We tend to hear much about the violence suffered by women at the hands of men, but what about the stories of those who fight back?
The Istanbul Feminist Collective is a great example of a lobbying movement that has chosen to focus not purely on the negative side of what is a bleak affair, of male violence, but indeed on the positive and empowering side, in this case: on stories of women’s self-defence. The organisation aims to change the way in which victims of male violence are represented in the media. They do this not only by protesting, but also by publishing reports with women’s stories on pending cases and court decisions: Women Reclaim Their Lives, Jan — June ‘15.
The Czech Women’s Lobby recognises and supports such action. Male violence against women is a serious concern that does not receive the attention that it is due, all around the world. Within Europe, almost half of all women have suffered from men’s violence (45%), and whilst the cost of domestic violence is estimated at 16 billion Euros per year, amounting to 1 million Euros every half hour, the annual EU member states’ budgets for prevention programmes of male violence are 1000 times less (EWL).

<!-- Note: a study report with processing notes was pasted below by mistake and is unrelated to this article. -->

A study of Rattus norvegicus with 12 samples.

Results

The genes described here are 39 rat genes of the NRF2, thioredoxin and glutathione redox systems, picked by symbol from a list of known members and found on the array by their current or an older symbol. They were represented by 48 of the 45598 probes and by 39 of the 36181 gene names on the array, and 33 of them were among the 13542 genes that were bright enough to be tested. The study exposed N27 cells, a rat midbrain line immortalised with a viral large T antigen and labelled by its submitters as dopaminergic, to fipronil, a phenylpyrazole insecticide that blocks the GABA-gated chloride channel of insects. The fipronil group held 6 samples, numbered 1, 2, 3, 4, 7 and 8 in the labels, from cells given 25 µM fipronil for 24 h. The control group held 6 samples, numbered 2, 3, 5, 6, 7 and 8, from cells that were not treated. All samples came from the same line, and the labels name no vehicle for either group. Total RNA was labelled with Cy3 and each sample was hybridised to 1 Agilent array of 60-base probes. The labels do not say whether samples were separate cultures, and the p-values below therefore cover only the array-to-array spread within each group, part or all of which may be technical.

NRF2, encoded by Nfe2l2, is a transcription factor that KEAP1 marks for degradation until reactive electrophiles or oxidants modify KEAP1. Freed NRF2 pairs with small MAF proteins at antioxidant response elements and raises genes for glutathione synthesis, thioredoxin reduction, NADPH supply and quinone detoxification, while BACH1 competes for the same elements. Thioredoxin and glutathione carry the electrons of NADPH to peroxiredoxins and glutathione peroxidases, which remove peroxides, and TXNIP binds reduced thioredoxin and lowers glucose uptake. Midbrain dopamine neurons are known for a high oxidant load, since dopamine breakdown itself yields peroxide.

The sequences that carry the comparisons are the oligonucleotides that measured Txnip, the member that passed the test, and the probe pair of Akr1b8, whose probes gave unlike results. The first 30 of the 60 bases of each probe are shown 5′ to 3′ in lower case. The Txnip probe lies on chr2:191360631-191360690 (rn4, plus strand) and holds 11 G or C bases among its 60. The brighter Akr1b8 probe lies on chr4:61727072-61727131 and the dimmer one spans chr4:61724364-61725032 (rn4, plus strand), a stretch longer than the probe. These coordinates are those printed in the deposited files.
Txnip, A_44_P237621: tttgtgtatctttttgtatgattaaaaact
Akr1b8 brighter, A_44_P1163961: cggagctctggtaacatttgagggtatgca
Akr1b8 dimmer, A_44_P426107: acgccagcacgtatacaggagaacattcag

These shocking statistics show why ground level civilian movements such asIstanbul Feminist Collective are so important and necessary. Regards this human rights abuse, the Czech Republic is no exception. According to Radio Praha, nearly 1 in 2 women have experienced domestic abuse. NGO ProFem’s research reveals that about a third of those women are afraid to speak up. This is undeniably linked to the fact that 69% of Czech women surveyed believe that the measure in place to prevent domestic violence is insufficient.
An emphasis on the empowerment of women in their self-defence in such cases of domestic abuse is important as it encourages others to follow suit and speak out. The media is a strong tool to share stories and spread such notions.